The Curlew

Review – The Curlew, Bodiam, East Sussex

You know, there are dinners and then there are dinners – the truly memorable ones you look back on and go ‘Aaaahh, mmmm’. We had one of those recently at The Curlew in Bodiam, East Sussex (it’s close to the dreamily beautiful Bodiam Castle if you’re looking for another excuse to visit).

We have been many times and the restaurant always has a lively, slightly ‘London’ vibe. It’s a place to dress up for.

You walk straight into the little bar area, where a woodburner smoulders on cool nights. Most guests start here with an aperitif and a chance to peruse the menu.


The restaurant itself is elegant and slightly quirky – some wallpaper adorned with cows here, designer plates hung up there. The seats are comfortable and the welcome is warm. There’s a cute outdoor terrace for sunny days or evenings, too.

The lighting is just right – bright enough that you can see what you’re eating but dark and moody enough to create an ambience . Isn’t it amazing how bright lights have the ability to kill an atmosphere quicker than you can say ‘The bill, please’?


On to the food…I love a tasting menu – a great excuse to be hugely greedy and to try a little bit of a lot of things on the menu. There’s no deliberating over what to have and you can end up trying things that you normally wouldn’t.

Ours kicked off with canapés – delicate little rounds of parmesan and rosemary melt in the mouth pastry and parma ham bites with a breadcrumb coating and a creamy sauce to dip them in.

I tried to resist the bread that came next, knowing how many courses there were to go, but I couldn’t. The sourdough arrived with some flavoured butters – onion with sea salt and another roast chicken one (sounds weird but is incredibly more-ish).

Next was a creamy, velvety smooth, velouté of cauliflower, with a little cauliflower ‘bhaji’ giving it bite and texture. I noted on the menu that it contained raisin and caper which sounded a little odd but was actually very clever, giving it just a hint of sweet and sour. In fact it’s the thing that lifts it from the seriously good to the sublime.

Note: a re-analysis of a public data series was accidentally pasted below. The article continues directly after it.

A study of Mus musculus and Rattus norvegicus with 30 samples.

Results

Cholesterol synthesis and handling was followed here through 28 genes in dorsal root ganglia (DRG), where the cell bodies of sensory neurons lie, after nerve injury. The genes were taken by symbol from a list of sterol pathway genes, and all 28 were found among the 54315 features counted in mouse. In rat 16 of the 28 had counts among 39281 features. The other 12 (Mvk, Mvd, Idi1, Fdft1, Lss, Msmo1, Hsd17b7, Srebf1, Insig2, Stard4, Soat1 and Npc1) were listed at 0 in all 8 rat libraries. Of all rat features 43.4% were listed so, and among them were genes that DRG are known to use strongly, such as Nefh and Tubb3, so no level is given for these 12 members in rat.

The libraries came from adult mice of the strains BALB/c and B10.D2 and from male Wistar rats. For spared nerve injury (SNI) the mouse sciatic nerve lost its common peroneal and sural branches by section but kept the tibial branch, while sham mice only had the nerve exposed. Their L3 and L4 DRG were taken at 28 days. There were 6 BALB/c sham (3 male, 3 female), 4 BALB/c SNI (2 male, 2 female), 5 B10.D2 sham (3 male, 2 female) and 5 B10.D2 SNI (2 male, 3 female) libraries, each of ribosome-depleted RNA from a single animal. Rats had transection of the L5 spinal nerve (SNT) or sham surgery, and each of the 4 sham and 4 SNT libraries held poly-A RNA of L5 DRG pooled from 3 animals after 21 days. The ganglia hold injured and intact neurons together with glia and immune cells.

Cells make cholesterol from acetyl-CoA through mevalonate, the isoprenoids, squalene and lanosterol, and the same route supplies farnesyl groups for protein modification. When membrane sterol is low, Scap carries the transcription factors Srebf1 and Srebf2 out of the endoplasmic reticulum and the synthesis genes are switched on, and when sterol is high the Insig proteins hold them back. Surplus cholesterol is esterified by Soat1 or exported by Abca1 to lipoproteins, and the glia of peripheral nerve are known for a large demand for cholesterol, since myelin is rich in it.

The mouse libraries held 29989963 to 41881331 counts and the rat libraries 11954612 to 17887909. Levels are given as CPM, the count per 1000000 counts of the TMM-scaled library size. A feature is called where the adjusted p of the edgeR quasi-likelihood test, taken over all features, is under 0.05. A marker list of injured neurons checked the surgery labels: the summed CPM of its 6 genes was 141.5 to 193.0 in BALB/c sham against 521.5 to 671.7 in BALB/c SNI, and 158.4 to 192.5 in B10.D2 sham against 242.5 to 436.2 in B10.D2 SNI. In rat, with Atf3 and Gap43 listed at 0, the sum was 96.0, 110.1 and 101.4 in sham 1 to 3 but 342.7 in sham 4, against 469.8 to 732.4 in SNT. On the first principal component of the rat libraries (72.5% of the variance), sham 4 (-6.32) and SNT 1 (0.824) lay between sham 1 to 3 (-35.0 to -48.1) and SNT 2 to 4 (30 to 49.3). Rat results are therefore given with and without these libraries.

Then came a succulent ballotine of rabbit, wrapped in parma ham. On the side was some piccalilli – I haven’t eaten this  bright yellow pickled summer vegetable sauce since I was a child. Again it gives a good contrast of salty sourness and some crunch.


Stone Bass followed. It’s a wonderful fish – white but almost as ‘meaty’ in texture as salmon. It had enough punch to stand up to the cuttlefish ink gnocchi it was served with, alongside ‘roast chicken’ (actually just some flavoursome crispy skin) , burnt cauliflower and some samphire for a little more taste of the sea.


Another course, another meat…dense, rich, duck breast worked perfectly with soy glazed pineapple – each providing the perfect ying to the other’s yang!


By this stage I was feeling fairly full, but there were two puddings to come so, of course, I fought valiantly on! The first pud is simply called ‘Coffee’. It was divine – an espresso panna cotta – intensely dark and slightly bitter, balanced by a soft milky jelly and a sweet milky coffee ice cream, small nuggets of walnut sponge and nut pieces.


And lastly…chocolate tart. But, being the Curlew, it’s not just any old chocolate tart. It was decadently dark, served with an orange sauce, milk chocolate ice cream and a thin slice of orange, sweetened and dried to give a crunchy texture and an explosion of concentrated flavour. Truly marvellous…and I swear that if I hadn’t been there, Mr Gallivant would have licked his plate.


I had opted for the wine flight to accompany the meal. Each pairing was spot-on – from the fresh, crisp Riesling that accompanied the rabbit to the rich chianti I enjoyed with the duck and the unusual red dessert wine that provided the perfect foil to the chocolate tart. We chatted to the down-to-earth sommelier and it was a joy to see his enthusiasm. He even spontaneously gave us a try of his current favourite wine (a rather delectable Rioja Urbina 1999).

What a wonderful, special evening we had. I must admit I couldn’t go to bed for a while, but boy was it worth it! And I am pleased to report, despite the copious amounts of alcohol there was no hangover – all soaked up by the copious amounts of food, no doubt!

The lowdown
Find more details of The Curlew at The seven course tasting menu costs £65 per person. Wine pairings are an additional £35 a head.

A la carte menu prices start from around £7.50 for a starter, £19.50 for a main course, £8 for a pudding.

A set menu is available for lunches from Tuesday to Friday lunchtimes and costs £20 for two courses, £25 for three courses.

Sunday lunches include a roast option.

Let us know…

Have you eaten at The Curlew recently? What did you think?